By Ann Voorhees Baker September 08, 2017 Lifestyle

We’re not “old.” At least not the way we saw our grandparents. We have active, connected, vibrant lives. Sure, one day we may stop working at our jobs, but we aren’t withdrawing from an involved life. We are young at heart and in spirit.

Yet there is one area of life that we may be falling behind on. We may “become old” by not keeping up with technology. It’s our generation’s weakness, our Achille’s Heel, if you will, when it comes to staying young. Many of us aren’t even aware of how behind we are, and how old that makes us seem to everyone under 40.

Tech Aversion Is the New “Old”

What is tech aversion? It’s a term that refers to being afraid of, resistant to or even hostile toward learning, understanding or even trying new forms of technology. It’s our generation’s equivalent of the granny glasses, the orthopedic shoes, the walkers, the compression stockings, the frumpy clothes.

All of these make young people feel that they cannot relate to us as well as they might like to. In many conversations and settings, your tech aversion will fade you out of the energy and the flow of social and business discourse. Tech Aversion truly is the new “old.”

It’s not that “old” is inherently bad, but when someone thinks of you as old, they’re feeling a disconnect with you. That means a loss of communication, a weakening of a relationship, a distancing between you and that younger person in your life.

Unlike our physical manifestations of older age, tech aversion is not inevitable, it’s a choice. Fortunately, it’s a choice you don’t have to make.

How to Grow Out of the “Old”

If you could accurately be described as tech averse, then younger people – your children, your grandchildren, your younger co-workers and neighbors, people you meet at social gatherings – are going to think of you as “old” in the same way that we thought of our grandparents as old.

Casting tech aversion aside does not mean you have to know every app and social media platform. Choosing to forget your distaste for social media or smart phones, or your distrust of conducting transactions online will only put you in a positive light.

For starters, younger people will stop seeing you as old and out of it. Also, you’ll do something far more important: you’ll access a whole new world of possibilities – cost savings, conveniences, access to information, avoidance of traffic jams.

Technology can help you share fun with loved ones, save gobs of time doing repetitive tasks like paying bills, have fun in whole new ways. It’s amazing how much the use of apps, software and websites can enrich your life.

Rationalizations for Not Keeping Up with Technology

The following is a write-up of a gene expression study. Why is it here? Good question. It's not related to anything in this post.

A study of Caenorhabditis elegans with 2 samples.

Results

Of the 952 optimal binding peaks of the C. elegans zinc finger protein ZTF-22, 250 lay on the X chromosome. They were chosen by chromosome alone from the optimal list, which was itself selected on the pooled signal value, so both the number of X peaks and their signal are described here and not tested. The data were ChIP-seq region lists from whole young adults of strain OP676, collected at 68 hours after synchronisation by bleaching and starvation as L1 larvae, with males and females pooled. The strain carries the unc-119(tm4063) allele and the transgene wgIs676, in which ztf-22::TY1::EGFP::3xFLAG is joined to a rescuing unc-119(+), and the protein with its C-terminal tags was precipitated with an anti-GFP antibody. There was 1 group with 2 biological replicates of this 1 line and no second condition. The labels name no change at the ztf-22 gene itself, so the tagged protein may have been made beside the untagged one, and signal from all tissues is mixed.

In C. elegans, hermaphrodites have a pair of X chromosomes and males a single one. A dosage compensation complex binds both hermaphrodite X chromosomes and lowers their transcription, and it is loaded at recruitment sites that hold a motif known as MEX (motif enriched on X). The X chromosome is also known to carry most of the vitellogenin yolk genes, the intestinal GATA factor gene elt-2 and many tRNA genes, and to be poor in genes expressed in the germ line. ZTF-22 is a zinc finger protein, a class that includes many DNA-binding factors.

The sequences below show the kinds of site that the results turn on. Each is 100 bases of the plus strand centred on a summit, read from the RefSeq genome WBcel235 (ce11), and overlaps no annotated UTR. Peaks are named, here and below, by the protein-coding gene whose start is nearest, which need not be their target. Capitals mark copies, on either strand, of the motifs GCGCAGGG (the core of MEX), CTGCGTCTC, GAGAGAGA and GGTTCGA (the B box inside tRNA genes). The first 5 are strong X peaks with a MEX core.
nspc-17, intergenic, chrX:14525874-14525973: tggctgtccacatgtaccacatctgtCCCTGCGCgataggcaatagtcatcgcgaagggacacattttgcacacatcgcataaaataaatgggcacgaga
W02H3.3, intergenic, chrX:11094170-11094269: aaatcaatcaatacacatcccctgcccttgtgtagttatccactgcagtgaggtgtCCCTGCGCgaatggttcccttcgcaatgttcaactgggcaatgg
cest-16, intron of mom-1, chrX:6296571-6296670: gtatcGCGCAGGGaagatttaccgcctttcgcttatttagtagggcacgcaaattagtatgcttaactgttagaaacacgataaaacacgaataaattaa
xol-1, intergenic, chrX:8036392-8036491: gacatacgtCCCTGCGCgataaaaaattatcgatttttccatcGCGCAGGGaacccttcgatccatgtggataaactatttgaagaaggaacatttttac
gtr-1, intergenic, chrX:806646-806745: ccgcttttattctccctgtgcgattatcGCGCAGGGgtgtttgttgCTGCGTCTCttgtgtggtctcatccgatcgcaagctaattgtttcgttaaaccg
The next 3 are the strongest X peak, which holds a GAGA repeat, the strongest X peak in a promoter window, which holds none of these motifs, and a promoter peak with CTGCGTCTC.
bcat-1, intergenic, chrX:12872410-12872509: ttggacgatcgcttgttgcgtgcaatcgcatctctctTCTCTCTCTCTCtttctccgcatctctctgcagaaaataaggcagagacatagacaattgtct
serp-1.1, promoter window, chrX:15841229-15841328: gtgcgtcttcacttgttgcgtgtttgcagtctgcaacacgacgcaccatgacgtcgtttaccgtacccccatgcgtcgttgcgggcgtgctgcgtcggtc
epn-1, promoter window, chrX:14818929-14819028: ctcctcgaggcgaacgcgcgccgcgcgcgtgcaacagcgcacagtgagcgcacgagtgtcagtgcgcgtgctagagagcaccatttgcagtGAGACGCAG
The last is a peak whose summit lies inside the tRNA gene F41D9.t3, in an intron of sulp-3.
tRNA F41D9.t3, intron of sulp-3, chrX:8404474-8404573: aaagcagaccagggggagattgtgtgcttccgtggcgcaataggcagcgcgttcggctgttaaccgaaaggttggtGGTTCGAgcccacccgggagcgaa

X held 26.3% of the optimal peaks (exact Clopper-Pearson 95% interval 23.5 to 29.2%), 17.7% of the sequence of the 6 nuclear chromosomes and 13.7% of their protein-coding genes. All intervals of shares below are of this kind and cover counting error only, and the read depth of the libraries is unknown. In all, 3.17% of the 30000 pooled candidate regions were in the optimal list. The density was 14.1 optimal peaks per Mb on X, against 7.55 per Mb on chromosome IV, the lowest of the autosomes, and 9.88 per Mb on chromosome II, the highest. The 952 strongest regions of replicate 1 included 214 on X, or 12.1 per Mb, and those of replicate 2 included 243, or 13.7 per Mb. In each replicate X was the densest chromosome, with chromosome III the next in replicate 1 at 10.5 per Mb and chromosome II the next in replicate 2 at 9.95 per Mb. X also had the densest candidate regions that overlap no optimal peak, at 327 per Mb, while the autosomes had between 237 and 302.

Here are some of the justifications I hear from people my age for refusing to learn and use new technology:

“It’s more work to learn it than it’s worth.”

“I’ve always done it this way, and it’s always worked fine for me.”

“I’m not going to waste my time reading about what people had for breakfast this morning.”

“I like a real book – made out of paper.”

“I don’t want to put all my personal information out there into the world.”

“It’s all either a rip-off or a total waste of time.”

“It’s not safe. I’ll have my identity stolen.”

“It’s stupid.”

I have one response: Have you tried it – whatever app, software, social media platform or online service that you say you hate? No? Then what is the basis for your belief? How about trying it, and then making your judgment call?

If You’re Tech Averse, Come on – Dip a Toe into the Water

Opening your mind to at least some of the new gadgets, programs and social media sites that are available today will take years off your age. Of course, it will take time to tackle the learning curves, especially if tech is not your thing.

Still, there are tons of benefits to reap that you didn’t realize were there, waiting for you all this time. You’ll thank yourself for making the effort.

For the past two years, I’ve been teaching a workshop at the Women At Woodstock retreat. This is an annual gathering for women over 50 in Woodstock, New York. In this workshop I discuss the latest apps and programs that save money or time, help your productivity or make communication with your loved ones easier and faster.

I also throw in some of the best shortcuts and clear up some of the biggest frustrations with the standards in computing: Word documents, Gmail, internet navigation and passwords.

Throughout every session, I keep hearing, “Oh wow, that’s so cool!” Or, “Is that all you have to do?” Or even, “You mean that’s free?!?” A frequent one is, “I didn’t know you could do that!”

Yes, Virginia, there is a Santa Claus. It’s technology, and it’s marvelous, and it’s magical! You can use it for all kinds of wonderful ease-making, cost-saving, connection-forming miracles in your life. You’re never too old.

Use technology, and you’ll connect to the world. You’ll also stop appearing as “old” to the younger people around you.

It’s all good. Or as the Millennials say, “No worries.”

Do you feel embarrassed that you don’t know how to do things on a computer that it seems everyone else knows how to do? Do you feel that it’s “too late” for you to catch up with what’s going on with smartphones and online activities and services? Do you know of an app or social media platform that sounds utterly cool that you wish you knew how to use? Please join the conversation below!


Ann Voorhees Baker is a writer, website designer and SEO and social media marketing specialist. She is also Founder and Organizer of Women At Woodstock She produces two annual events – a workshop and a mastermind weekend for women over 50 and a writers retreat for women of all ages. Both are held in Woodstock, NY.